Plenty has been written about how the male-dominated landscape of the tech industry poses hurdles for female founders, but according to a recent Wall Street Journal article, it's also often a problem for female consumers.
The article, "When the Female Customer Perplexes Techie Male CEOs"(subscription required) by Katherine Rosman, charts the missteps of male executives when they try to build products that appeal to women. She speaks with a variety of tech entrepreneurs about their struggles to get inside the heads of female customers, including Ashish Arora, CEO of crafting product maker Cricut. Arora"would come home from work dejected, telling his wife, 'I find my instincts consistently wrong,'" the article reports. Leaders at Bustle, Craftsy, and even female-favorite Pinterest confess to initial bafflement.
The Myopia of Male Investors
All of which adds another few bricks to the already rock-solid case for the industry needing to attract and retain more female founders, but it also raises the question of whether male cluelessness ends withentrepreneurs. According to a recent Inc.com interview with Poshmark co-founder Tracy Sun, executives might not be the only men in the tech industry occasionally oblivious to female-focused business opportunities. Investors can behard to persuade of the value of these business ideas as well.
For those of you too swamped to watch the whole thing right now, the money line from Sun is this: "I happen to be in a world that's run by men, and yet Poshmark is all about women. The grind was talking to the umpteenth potential investor...and them be like, 'I don't understand why people would want to sell stuff from their closet. I don't get women.' Well, you're not supposed to get it. It's women that need to get it."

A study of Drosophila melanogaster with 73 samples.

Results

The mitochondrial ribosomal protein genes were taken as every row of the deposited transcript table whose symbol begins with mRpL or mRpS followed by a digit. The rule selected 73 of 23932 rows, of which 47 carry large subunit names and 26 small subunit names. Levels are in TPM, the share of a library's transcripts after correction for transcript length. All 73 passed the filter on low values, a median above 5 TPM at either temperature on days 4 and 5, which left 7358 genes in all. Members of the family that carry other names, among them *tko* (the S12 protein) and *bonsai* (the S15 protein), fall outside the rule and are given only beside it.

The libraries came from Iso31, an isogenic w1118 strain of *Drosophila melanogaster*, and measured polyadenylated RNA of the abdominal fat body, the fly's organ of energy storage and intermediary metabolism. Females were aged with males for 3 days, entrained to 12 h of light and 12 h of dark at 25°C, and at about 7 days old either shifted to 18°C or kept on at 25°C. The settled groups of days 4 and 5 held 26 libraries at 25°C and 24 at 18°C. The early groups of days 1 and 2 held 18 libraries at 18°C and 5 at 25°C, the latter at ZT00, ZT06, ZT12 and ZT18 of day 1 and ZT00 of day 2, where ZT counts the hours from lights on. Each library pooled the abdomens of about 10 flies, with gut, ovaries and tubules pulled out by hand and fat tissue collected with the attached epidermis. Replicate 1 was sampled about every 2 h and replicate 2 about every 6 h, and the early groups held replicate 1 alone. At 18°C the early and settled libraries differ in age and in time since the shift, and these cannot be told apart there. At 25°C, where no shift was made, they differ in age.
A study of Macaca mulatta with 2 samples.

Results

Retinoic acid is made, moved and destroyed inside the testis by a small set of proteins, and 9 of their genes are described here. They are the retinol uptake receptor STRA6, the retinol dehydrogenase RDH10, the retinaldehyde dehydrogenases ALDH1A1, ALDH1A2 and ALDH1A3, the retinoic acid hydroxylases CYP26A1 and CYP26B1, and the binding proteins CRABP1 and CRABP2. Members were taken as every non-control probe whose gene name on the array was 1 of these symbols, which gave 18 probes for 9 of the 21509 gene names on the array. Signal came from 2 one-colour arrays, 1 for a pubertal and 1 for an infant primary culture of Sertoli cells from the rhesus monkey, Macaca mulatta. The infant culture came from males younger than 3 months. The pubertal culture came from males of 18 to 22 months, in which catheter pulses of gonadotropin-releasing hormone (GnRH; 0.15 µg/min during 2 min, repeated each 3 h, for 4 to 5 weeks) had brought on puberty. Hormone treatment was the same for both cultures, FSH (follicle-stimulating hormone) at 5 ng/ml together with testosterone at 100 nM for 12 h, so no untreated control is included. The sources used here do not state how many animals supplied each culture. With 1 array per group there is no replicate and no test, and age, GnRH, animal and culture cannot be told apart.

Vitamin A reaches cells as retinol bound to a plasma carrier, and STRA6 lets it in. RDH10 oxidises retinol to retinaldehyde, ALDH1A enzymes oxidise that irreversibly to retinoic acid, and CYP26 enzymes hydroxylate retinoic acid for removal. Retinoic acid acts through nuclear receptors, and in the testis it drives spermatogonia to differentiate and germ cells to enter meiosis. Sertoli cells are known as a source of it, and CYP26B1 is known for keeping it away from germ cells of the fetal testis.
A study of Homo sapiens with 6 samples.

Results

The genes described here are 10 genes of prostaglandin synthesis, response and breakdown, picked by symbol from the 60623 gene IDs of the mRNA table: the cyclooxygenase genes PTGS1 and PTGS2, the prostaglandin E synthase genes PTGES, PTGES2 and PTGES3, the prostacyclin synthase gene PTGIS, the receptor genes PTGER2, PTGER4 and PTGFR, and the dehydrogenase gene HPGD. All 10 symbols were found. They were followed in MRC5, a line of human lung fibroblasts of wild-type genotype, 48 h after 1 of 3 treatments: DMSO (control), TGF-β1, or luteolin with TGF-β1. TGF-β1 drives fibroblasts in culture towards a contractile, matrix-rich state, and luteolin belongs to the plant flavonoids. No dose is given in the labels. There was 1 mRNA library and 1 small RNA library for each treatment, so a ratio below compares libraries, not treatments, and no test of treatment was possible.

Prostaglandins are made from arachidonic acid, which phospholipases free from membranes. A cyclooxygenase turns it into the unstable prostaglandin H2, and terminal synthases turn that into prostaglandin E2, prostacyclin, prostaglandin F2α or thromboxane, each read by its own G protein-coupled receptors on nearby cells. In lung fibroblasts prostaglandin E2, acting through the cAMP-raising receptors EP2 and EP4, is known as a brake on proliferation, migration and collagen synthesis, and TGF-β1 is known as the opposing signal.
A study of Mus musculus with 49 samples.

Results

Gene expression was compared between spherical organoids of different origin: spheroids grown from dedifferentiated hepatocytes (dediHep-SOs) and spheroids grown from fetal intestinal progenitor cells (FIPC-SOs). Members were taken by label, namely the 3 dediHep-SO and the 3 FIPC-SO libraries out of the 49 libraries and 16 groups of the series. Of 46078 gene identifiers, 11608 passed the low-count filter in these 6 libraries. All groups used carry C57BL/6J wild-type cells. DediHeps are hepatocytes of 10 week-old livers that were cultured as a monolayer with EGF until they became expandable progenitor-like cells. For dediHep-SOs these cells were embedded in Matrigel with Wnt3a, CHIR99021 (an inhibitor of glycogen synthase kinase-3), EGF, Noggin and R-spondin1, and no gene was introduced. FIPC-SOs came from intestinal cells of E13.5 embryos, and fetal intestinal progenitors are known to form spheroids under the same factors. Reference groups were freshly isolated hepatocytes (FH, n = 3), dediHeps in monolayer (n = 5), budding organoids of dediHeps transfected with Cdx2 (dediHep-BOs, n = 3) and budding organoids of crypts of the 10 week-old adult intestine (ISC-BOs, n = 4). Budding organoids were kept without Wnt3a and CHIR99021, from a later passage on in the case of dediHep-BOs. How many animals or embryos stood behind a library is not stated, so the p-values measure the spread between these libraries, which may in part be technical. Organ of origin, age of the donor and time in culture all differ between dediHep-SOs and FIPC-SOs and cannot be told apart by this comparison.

Sun isn't the only one who has noticed the phenomenon of male investors passing on promising female-focused business ideas out of simple unfamiliarity with the customer and her day-to-day desires. Amy Millman, co-founder and president of Springboard Enterprises, an organization devoted to helping women build big businesses by, in part, connecting them with investment, has publicly spoken about this issue, too. "Investors, like bankers, pretty much invest in what they know, something that they understand or that is clear to them," she told CNBC. Fashion businesses and other companies focused on women, for instance, often don't fit that bill.
Christine Tsai, a partner at500 Startups, agrees that challenges exist forthese sorts of businesses when they try to raise money. "Investors may have a hard time understanding the pain point a female-focused company is trying to solve because they haven't experienced it firsthand. As a result, they may mistakenly perceive it as a niche market," she noted in an email to Inc.com. Though she feels the problem is far from dire and may be overshadowed by more generalmisconceptionsfaced by female-founders no matter their niche.
"I've seen female founders face more challenges raising money vs. male founders, regardless of the business. In my opinion, that continues to be a much bigger problem than investors overlooking female-focused businesses," she added.
Profiting from Others' Cluelessness
These more general biases and hurdles, along with the issue of male confusion at women's needs and problems,help explain why femaleentrepreneurs take home a pathetically small share of venture capital--less than 5 percent. But while the dominance of men among VCs is a hurdle for women pitching theirbusinesses, it's also an opportunity for investors who are tuned in to these opportunities.
"There are some markets that women are more likely than men to find interesting and appealing--something like Birchbox, which happens to be the largest paid-subscription e-commerce business out there, but it's focused on beauty samples. It's unlikely that two dudes would have started that business," Theresia Gouw, partner at two-woman VC firm Aspect Ventures, told Inc.com earlier this year. The Aspect team, she stressed, viewed itsgender as a boon to the bottom line and an aid in finding these successful female-focused ideas. "Diversity--not in every aspect but in some situations--will bring value added to the bottom line and that's what we're all interested in," Gouw stressed.
Where there's money to be made--and according to Gouw, there's plenty of opportunity in investing in these underappreciated female-focused business ideas--interest will probably soon follow. Plus, asTsai notes, "women control the majority of consumer spending--no good investor would doubt this."So while the mostly male ranks of VCs may be perplexed by the likes of Poshmark at the moment, it's a good bet that more diversity-minded investors are hoping to profit from that lack of insight. Hopefully, that will bring change to the industry soon.